With the start of this blog I will be making an image a day. The art is not necessarily a representational depiction. It is an abstract. Each image is a visual representation of being present in my body, sitting with my emotions, validating what is true for that moment. Each post will include an image from that day.
I have been working with people struggling with eating disorders for the past few years – adolescents both male and female, women, and most recently men. There is a universal phenomenon that happens when people are addressing clinical issues of body image. When the individuals can give expression to their experience, they are better at conceptualizing and articulating their situation. Through the use of art therapy, one can push through ideological struggles. Image making can allow us to carve out and represent a self-identity which challenges the dominant representations we see and thus allow us to reclaim a more authentic self. My daily practice of art making allows me to become mindful of my emotional state. It is through this awareness I become more present in my body. It is my hope that with this blog I may open discussion about how art therapy can improve people’s perception of themselves. I encourage others to attempt this daily practice and talk about their experience.
My body is my home. I realize it is only temporary. What’s inside is what really matters. I wax and wane with my desire to want to take care of it when I am experiencing bad body image thoughts, but I do have to live there! If it’s messy or malfunctioning it doesn’t support me. A “home” that is operating proficiently increases my desire to want to know myself, and is a place where I feel comfortable. I want my home – my body – to be a happy and healthy environment. A home for me is not necessarily a building but a place that holds my belongings, my being, where memories can be stored and new memories collected, where my individuality is recognized and my achievements are celebrated and displayed. Through art making I am better at visualizing what a “home” looks like to me. How do I know it? When I have had a true sense of self, composed of care, respect, acceptance, and love, then there follows a sense of comfort in my body and I want to be present there. This comes out in the art.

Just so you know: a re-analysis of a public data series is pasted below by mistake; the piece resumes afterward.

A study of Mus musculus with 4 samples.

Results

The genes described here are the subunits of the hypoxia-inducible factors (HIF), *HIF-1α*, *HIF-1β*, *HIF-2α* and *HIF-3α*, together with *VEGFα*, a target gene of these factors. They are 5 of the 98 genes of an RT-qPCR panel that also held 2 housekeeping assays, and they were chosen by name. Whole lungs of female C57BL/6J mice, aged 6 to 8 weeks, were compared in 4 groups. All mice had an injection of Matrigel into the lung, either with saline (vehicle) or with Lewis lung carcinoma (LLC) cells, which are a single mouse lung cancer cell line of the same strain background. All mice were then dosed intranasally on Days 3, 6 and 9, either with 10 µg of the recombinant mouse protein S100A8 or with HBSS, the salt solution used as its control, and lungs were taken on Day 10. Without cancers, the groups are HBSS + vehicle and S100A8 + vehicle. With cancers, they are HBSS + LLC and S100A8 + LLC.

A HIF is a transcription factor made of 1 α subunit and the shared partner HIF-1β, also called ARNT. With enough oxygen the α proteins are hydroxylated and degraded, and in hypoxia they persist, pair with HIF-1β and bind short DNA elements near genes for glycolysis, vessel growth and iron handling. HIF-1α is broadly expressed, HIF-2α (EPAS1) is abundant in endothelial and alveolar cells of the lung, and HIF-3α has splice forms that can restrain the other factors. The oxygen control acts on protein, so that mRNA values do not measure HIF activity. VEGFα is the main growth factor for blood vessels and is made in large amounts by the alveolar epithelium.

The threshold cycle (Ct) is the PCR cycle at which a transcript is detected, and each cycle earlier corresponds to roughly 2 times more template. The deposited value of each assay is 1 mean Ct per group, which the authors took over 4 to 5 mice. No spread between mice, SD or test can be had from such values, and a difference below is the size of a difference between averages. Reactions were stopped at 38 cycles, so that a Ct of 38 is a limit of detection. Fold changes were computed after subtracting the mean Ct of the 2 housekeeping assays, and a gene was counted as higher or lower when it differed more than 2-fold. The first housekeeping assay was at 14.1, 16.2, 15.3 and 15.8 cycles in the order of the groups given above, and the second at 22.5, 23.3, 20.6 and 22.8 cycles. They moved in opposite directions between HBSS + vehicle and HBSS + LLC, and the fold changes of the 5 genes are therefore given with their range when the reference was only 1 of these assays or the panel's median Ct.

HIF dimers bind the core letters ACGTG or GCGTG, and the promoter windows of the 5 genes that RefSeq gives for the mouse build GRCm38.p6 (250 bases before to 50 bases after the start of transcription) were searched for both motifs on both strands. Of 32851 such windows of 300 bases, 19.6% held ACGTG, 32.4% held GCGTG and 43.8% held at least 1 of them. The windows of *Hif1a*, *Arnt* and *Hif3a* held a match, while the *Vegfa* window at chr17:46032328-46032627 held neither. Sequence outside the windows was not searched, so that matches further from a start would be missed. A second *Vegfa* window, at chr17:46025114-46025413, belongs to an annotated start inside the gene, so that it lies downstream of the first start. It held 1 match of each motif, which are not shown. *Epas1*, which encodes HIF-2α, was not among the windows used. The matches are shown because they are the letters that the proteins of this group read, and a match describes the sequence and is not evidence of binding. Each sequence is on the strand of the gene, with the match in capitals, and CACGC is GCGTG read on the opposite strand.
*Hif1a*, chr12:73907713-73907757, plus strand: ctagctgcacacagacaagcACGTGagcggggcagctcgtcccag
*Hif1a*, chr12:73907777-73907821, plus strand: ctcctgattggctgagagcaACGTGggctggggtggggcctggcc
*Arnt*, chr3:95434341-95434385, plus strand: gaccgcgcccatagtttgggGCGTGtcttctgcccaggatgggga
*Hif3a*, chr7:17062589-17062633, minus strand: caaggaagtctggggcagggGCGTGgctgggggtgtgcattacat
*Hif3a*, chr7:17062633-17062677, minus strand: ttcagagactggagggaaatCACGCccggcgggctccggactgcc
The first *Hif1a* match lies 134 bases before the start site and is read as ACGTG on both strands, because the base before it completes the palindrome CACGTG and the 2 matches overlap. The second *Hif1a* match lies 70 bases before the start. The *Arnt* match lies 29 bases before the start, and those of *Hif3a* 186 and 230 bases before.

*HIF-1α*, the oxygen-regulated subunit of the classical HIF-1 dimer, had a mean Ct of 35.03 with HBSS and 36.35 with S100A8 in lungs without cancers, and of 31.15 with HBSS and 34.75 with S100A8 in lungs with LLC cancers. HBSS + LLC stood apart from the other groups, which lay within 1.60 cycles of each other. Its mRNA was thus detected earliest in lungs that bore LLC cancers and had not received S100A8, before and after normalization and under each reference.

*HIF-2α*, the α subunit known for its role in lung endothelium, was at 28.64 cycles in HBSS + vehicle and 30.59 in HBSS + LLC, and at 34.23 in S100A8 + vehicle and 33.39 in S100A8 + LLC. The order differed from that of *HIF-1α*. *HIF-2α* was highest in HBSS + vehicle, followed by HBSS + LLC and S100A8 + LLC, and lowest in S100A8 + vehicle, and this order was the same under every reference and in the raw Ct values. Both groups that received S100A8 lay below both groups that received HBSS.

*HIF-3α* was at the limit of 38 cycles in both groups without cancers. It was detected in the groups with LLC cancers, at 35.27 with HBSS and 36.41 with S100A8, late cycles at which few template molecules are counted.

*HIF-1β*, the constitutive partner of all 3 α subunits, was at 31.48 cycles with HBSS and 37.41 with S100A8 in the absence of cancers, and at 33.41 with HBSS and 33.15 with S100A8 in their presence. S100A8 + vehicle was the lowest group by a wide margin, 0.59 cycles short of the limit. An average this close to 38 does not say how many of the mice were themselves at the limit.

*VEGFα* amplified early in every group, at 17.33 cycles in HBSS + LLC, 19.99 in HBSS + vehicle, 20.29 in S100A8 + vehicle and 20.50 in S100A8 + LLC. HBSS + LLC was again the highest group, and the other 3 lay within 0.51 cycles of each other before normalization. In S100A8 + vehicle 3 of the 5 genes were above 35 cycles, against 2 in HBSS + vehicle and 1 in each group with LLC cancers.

Messages in the media about appearance have a huge influence over us. Blogs and forums allow us to share information about health, but that’s not always “healthy.” One should be accountable for the message, even if it is editorial. People with body dysmorphia often are looking for justification for their body image experience. Eckhart Tolle writes about body image and eating disorders in his book A New Earth.
You can then unconsciously cling to the illness [eating disorder] because it has become the most important part of who you perceive yourself to be. It has become another thought form with which the ego can identify. Once the ego has found an identity, it does not want to let go. Amazingly but not infrequently, the ego in search of a stronger identity can and does create illnesses in order to strengthen itself through them.
Popular culture encourages men to think that being a man and being strong are synonymous. It discourages men from talking about their feelings, and this is where the battle begins. Women are barraged with sociocultural constructs of feminine beauty in almost all forms of popular media. Such standards of beauty are almost completely unattainable for most women. Body image becomes a battleground. It is a place of injury, both physically and emotionally. Both men and women are constantly at battle with their body image and the unrealistic construct of “ideal” body. The true battle is about being content in your “home”.